Seeking former teachers at Asheville-Biltmore CollegeClark Adams, a member of the English faculty at Randolph Community College in Asheboro, is seeking information on the following list of faculty who are still living and may have taught when the college was "on the mountain" at Seely's Castle during the years 1949 - 1961. The college operated under that name from 1936 to 1969, when it was consolidated into the state university system. See UNCA Ramsey Library Special Collections'…See More
A nostalgic walk through 1930s Haw Creekby Rob NeufeldPHOTO CAPTION: The Haw Creek School that replaced Bell’s church-funded school in the 1920s. I took a walk down Haw Creek Road the other day—in the year 1936—and I got to hear some folks talking. I wasn’t sure of my way around, so I…See More
Dr. Gordon McKinney and Dr. Steve Nash will describe and analyze the attempt to recreate the social, political and economic world after the Civil War in western North Carolina. Special emphasis will be placed on racial adjustment, improving transportation and the development of the Appalachian stereotype. Sponsored by the Western North Carolina Historical Association and the Osher Lifelong Learning Institute. Open to the public, admission to members of WNCHA and OLLI is free. $5.00 for…See More
Connie Regan-Blake, renowned Appalachian storyteller, will perform “Taking a Leap: An Evening of Connie’s Stories” on Sunday June 30 at 7:30 p.m. at Hawk and Ivy Bed and Breakfast in Barnardsville, NC, twenty minutes north of Asheville. Persons interested in learning or developing the craft of storytelling can also attend a workshop entitled “Opening Doors: A Storytelling Workshop Exploring Memories” at 3:00-5:30. Workshop fee is $40 before June 21 and $55 after. Fee includes both events.…See More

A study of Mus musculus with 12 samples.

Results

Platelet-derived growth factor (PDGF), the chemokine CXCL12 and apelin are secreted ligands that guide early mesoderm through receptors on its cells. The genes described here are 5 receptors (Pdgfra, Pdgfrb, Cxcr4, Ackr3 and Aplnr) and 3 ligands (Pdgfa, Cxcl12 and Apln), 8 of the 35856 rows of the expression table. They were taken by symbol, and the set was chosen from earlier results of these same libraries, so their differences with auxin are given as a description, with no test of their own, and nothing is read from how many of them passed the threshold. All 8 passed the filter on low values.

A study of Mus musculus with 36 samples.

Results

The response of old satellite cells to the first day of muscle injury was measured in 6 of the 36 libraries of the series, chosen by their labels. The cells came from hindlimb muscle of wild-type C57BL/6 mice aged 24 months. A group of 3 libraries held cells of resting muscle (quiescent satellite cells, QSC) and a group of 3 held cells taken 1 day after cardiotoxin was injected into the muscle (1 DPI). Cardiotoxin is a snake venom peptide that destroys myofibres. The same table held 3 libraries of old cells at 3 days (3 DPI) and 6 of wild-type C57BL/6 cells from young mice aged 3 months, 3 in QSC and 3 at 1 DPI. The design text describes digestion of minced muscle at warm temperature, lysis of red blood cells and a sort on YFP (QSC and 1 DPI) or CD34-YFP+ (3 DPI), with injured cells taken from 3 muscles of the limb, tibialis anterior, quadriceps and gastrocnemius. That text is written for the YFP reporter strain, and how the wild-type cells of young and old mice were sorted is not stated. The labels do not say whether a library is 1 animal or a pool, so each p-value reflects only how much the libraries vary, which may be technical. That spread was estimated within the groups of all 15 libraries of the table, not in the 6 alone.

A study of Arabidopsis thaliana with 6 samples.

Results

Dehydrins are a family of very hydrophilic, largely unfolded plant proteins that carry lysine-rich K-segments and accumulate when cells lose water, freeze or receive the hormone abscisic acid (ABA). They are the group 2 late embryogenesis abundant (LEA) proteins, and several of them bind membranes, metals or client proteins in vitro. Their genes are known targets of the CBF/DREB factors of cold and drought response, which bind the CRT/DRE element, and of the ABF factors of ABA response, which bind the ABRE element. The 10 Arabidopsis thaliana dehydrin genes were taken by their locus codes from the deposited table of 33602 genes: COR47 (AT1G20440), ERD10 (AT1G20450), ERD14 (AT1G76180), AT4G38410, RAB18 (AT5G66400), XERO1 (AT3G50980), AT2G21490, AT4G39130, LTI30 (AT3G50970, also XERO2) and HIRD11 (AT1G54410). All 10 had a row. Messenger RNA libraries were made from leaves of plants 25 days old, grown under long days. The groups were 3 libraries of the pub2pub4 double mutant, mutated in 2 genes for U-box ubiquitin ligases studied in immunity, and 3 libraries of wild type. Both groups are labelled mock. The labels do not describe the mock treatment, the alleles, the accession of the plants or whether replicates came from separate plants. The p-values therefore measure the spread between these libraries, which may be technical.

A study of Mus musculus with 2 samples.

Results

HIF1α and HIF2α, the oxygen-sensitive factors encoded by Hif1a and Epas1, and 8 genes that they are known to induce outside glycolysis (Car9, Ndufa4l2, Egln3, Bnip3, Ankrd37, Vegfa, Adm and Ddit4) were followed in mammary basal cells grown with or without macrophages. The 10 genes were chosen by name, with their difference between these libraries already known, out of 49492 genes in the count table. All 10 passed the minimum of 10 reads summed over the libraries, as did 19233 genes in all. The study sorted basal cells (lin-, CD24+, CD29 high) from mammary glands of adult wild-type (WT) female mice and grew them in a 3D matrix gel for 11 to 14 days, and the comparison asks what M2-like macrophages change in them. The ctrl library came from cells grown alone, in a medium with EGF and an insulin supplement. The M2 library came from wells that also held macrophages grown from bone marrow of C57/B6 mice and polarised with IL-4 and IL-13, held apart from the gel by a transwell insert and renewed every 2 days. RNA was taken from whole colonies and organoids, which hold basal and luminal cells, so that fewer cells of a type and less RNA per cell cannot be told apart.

St. John's Episcopal Church Women in Marion will host a book signing and reception in celebration of Julia Nunnally Duncan's new book Barefoot in the Snow. The event will be held at St. John's Parish House in the great hall during Coffee Hour (approximately 11:30 a.m.) on Sunday, June 23,and the public is cordially invited. See More
Gary Carden suggested we start a Frankie Silver forum as a first of many about different subjects. Gary, Bobbie McMillan, and Sharyn McCrumb have all interpreted the material creatively. I yield to Gary for the first real entry,
If the "Legend of Frankie Silver" were stripped to the bare facts, I think it would lose most of its charm. Things that have been added to the story over the years include the ballad that Frankie allegedly wrote and sung from the scaffold on the day of her hanging. In fact, there is considerable doubt that there was even a scaffold! Frankie did escape once, and there is a wonderful story about her brother carving a key for her jail door. They captured her, however, and the story of her trial is a dismal tale of legal blunders that never should have happened. Some accounts of the search for Charlie's body (the one that Frankie burned in the fireplace) include a journey to Tennessee during a major snowfall to see a "conjurer" who can locate bodies. I'll stop because if this post attracts some folks who are closer to the details than I am, they should have their say. There have been a dozen books and a few movies that attempted to capture this one. I believe that Bobbie McMillan was involved in one book, The Cursed Tree. There was also a film by Tom Davenport and then most folks probably know about Sharyn McCrumb's novel. I have always been especially impressed by the account of the entire affair given by a much-neglected North Carolina folklorist and novelist, Manley Wade Wellman. He gives a beautifully balanced account of the tale in his book Dead and Gone.
Over to you, Rob, or somebody!
I just discovered that I have an incorrect title. It is The Tree Acurst and the book was published by Bobbie McMillan and Dan Patterson. It is out of print and rare, but it is around. I just found a copy on the internet.